Do’s and don’ts in a gas leak

January 10, 2022   By Lisa Iscrupe

Do’s and don’ts in a gas leak

If you suspect a natural gas leak in your home, knowing what not to do is as crucial as knowing what to do. Here’s how to recognize the signs of a gas leak in your home and the next steps to take if you suspect a gas leak.  

Signs of a gas leak

A gas leak in your home can be identified by smell or auditory signs, or by the presence of physical symptoms. If you suspect a gas leak, clear all people and pets from the building immediately. Then call 911 and your natural gas utility

Common indicators of a gas leak include:

  • Bad smell, similar to rotten eggs
  • Hissing sounds coming from gas lines
  • Headaches or dizziness

Less common indicators of a gas leak include:

  • Dead grass or dying plants near gas lines
  • Odd animal behavior
  • Sore throat or irritated, burning eyes 
  • Nausea and fatigue
  • Higher than normal gas bills

What to do if you suspect a gas leak 

According to the U.S. Energy Information Administration (EIA), “Because natural gas is colorless, odorless, and tasteless, natural gas companies add mercaptan to natural gas to give it a distinct and unpleasant odor to help detect leaks in natural gas pipelines. Mercaptan is a harmless chemical that smells like rotten eggs.”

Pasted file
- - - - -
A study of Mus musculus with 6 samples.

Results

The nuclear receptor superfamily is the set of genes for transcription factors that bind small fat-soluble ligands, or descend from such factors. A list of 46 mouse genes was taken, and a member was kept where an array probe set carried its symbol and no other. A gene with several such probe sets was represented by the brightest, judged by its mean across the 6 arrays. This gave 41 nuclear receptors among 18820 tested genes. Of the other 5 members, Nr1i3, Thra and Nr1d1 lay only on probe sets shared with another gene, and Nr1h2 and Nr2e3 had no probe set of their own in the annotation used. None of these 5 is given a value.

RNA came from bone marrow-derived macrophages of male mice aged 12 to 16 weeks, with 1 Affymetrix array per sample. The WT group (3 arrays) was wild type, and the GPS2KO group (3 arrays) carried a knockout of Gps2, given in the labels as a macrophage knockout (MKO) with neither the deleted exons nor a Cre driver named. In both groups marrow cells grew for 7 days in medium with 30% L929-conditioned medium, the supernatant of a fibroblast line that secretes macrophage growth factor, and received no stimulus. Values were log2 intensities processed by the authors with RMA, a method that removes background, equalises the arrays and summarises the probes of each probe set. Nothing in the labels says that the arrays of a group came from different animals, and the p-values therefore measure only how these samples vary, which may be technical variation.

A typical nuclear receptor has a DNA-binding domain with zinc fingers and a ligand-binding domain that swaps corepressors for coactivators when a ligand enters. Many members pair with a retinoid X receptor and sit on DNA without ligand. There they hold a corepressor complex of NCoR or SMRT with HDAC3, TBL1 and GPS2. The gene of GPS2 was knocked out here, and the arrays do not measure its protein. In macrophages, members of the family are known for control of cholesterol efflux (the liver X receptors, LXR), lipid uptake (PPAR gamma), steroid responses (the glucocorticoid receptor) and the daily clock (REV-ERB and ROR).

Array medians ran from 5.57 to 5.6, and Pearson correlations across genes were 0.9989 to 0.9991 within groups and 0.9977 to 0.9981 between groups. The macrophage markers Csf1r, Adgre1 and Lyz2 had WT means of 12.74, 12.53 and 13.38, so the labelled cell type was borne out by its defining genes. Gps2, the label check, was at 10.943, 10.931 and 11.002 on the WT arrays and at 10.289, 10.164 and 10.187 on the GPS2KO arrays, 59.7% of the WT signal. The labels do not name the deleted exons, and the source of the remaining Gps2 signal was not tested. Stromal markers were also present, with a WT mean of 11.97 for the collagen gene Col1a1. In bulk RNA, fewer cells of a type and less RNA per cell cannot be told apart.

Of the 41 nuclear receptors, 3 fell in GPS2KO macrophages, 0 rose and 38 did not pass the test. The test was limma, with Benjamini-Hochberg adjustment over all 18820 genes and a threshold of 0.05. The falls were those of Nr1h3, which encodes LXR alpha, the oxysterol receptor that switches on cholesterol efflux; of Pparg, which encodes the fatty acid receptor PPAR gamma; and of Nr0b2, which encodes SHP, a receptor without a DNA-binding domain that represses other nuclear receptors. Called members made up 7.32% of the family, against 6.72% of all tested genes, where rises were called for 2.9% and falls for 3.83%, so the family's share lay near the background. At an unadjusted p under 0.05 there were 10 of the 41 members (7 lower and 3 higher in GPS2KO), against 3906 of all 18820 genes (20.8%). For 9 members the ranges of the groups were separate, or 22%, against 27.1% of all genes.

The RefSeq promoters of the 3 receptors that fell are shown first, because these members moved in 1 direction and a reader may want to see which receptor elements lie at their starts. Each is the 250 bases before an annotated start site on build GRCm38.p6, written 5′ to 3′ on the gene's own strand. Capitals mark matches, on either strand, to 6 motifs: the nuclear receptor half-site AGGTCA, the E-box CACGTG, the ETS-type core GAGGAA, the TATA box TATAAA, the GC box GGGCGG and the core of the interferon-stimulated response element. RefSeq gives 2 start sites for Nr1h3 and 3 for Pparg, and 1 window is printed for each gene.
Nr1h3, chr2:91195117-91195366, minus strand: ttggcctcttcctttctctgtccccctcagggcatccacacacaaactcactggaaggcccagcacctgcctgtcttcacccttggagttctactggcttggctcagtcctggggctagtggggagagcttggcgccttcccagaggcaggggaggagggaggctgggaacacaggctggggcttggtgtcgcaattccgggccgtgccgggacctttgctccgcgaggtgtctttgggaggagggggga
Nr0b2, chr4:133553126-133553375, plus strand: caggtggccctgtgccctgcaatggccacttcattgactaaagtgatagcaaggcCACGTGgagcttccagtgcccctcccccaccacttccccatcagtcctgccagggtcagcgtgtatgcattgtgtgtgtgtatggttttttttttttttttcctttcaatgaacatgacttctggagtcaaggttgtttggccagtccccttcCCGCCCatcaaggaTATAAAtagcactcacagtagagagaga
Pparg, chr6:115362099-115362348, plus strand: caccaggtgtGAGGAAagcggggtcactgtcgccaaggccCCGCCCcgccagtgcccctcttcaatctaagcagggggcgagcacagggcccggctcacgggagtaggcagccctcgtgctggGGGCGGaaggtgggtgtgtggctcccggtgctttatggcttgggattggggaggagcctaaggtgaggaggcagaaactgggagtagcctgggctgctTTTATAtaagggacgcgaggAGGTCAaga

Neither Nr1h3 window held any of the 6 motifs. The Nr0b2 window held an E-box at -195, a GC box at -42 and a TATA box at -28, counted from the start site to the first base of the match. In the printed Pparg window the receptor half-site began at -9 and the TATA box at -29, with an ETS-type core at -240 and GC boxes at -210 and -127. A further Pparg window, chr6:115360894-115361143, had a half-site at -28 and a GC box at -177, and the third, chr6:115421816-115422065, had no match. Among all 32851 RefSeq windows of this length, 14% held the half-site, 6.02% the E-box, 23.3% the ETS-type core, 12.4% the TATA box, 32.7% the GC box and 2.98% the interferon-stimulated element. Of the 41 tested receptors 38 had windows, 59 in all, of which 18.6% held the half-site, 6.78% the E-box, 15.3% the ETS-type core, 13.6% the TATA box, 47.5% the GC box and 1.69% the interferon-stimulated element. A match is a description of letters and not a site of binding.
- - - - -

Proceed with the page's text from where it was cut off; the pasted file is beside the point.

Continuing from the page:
Smoke. Do not use a lighter or matches.  Evacuate all people and pets.
Make a spark. This includes using cellphones, flashlights, and other electronics.  Call for help once outside (not inside the house). 
Turn on electrical switches. This includes turning lights on or off, or operating appliances.  Leave doors open.

Appliances that may leak gas

If you smell gas in your home, here is a list of possible culprits. Not all appliances use gas, and the appliances in your home may vary based on make and model. 

Stove or oven Yes
Clothes dryer Yes
Fireplace (gas logs)  Yes
HVAC unit Yes
Water heater Yes
Refrigerator Yes
Furnace Yes
AC unit No
Radiator  No

Free gas leak checks

Many utilities provide free gas leak checks for residents in their service areas. Contact your natural gas supplier today to inquire about scheduling a home check-up. You can also purchase a gas leak detector to check for gas levels throughout your home. Be aware that a gas leak detector is not the same as a CO2 (carbon dioxide) monitor. 

Who fixes gas leaks? 

Your natural gas supplier is responsible for the gas lines that run from the street to your gas meter. Everything else is your responsibility. Many natural gas companies have protection plans that you can add to your natural gas bill for a small monthly fee.  You can also contact a plumber if you need gas line repairs in your home. 



Lisa Iscrupe is a writer and editor who specializes in energy, the deregulated electricity market, and solar power. Her work has been referenced by CNN, The Daily MBA, The Media Bulletin, and other national sources. Follow her at @lisaiscrupe.